The University of Georgia baseball team already knows that, but had the opportunity to put its teamwork skills to the test Tuesday before the school’s game against Charlotte that night. The Bulldogs visited the Hendrick Motorsports campus and got an inside look at what it takes to be a member of a pit crew.

“It’s been awesome,” said Stephen Wrenn, a center fielder for the Bulldogs currently in his junior year at the university. “I did not realize that all this went into an operation.”

The college team’s itinerary began Monday evening with a workout on the race team’s campus and Wrenn admitted that he had no idea the type of physical training required to be a part of a pit crew.

Ryan Patton -- rear-tire changer on the No. 48 team pit crew -- set up the visit, working it out with the University of Georgia baseball coaching staff over the last year.

“It was good for those young guys to see NASCAR and to see everything NASCAR has to offer,” Patton said.

Tuesday morning, the baseball team discussed the importance of teamwork and was able to watch the No. 48 pit crew athletes working together during practice. The players then had the opportunity to see a car up close and learn how to work on it.

Scott Stricklin, head coach for the Georgia Bulldogs baseball team, said that the practice was valuable for his team.

“It’s been a great experience for our guys just to see the detail that goes into something to be so successful that Hendrick Motorsports has been able to be year-in and year-out,” the coach said. “Just the attention to detail, the teamwork and the camaraderie that’s gone on that we’ve seen today, it’s been really beneficial for our guys.”

After learning a bit about the car, the athletes then competed in their very own pit crew competition. Divided into groups of four, they had to devise a game plan for how to go about changing a tire on the car in the fastest possible time.

Wrenn’s team was not quite up to par.

“We went in and the first one was kind of a disaster,” he laughed. “My team was 28 seconds to change a tire.”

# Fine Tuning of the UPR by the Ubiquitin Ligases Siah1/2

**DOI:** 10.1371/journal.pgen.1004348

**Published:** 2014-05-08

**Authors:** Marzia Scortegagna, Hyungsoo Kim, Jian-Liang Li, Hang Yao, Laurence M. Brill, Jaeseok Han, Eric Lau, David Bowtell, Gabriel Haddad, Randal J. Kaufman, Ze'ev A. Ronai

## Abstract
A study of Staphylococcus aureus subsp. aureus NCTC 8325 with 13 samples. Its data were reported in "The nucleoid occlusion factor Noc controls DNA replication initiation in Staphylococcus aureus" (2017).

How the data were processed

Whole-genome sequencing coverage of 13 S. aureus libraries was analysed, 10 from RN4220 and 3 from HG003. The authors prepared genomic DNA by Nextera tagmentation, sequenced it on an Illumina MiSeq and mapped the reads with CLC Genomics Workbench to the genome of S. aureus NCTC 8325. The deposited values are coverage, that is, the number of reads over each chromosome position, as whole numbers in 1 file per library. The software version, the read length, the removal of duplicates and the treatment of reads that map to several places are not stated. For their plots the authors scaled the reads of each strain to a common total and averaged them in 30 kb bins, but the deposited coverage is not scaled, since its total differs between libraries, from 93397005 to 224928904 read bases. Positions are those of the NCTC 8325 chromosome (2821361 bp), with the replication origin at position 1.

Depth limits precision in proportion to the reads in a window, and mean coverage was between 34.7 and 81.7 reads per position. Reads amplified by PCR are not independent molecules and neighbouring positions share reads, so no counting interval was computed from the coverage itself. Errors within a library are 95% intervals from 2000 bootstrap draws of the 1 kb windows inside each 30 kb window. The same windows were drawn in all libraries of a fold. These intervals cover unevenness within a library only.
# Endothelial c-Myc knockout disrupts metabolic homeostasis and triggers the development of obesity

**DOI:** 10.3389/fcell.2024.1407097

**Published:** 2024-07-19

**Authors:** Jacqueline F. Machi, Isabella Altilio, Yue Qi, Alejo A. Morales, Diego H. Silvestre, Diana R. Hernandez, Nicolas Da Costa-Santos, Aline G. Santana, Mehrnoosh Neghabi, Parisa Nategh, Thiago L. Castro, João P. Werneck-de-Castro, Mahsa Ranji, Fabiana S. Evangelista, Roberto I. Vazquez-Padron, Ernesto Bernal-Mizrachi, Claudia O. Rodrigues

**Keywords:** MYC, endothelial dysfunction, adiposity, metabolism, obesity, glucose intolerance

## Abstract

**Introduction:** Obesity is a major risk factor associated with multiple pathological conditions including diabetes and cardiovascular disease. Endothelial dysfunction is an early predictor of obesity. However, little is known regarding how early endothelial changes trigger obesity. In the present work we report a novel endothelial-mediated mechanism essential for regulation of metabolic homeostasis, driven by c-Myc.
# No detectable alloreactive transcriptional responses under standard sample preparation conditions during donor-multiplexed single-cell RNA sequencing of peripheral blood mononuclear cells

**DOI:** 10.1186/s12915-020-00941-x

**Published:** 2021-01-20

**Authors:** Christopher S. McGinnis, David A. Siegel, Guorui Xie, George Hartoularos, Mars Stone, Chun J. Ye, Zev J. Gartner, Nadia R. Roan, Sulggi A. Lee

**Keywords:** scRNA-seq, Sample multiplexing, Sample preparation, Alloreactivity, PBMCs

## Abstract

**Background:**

After a few more practice rounds, the teams were able to try their hand at tire-changing two more times before the official competition. Wrenn admitted that the process was more difficult than he had anticipated.

“It’s just meticulous,” the athlete said. “It was tough to understand where to put everybody to make it most efficient.”

Patton, now in his fourth year with the No. 48 crew, said the teams definitely improved by their final session, chopping more than 20 seconds off of the worst time of 40 seconds.

“Now whether they can change a tire for us, I’m not so sure about that,” he laughed. “I think it was a good opportunity for them to see what we do and obviously apply it to the field for them.”

Both Wrenn and Stricklin agreed that some of the values they saw in play with the Hendrick Motorsports pit crew can relate to their own sport.

“I think the thing that struck me the most in the pit crew: six guys go over the wall and every single guy has a job to do and he has to do his job perfectly and if he doesn’t do his job perfectly, it affects everybody,” Stricklin said.

And for all involved, it proved to be an enlightening experience.

“You watch (NASCAR) on Sunday and they’re going in circles and you don’t really think there’s that much to it but man, it’s unbelievable the operation that’s here and that exists and all these things that these guys have to go through to get prepared for a race,” Stricklin added. “It’s really impressive.”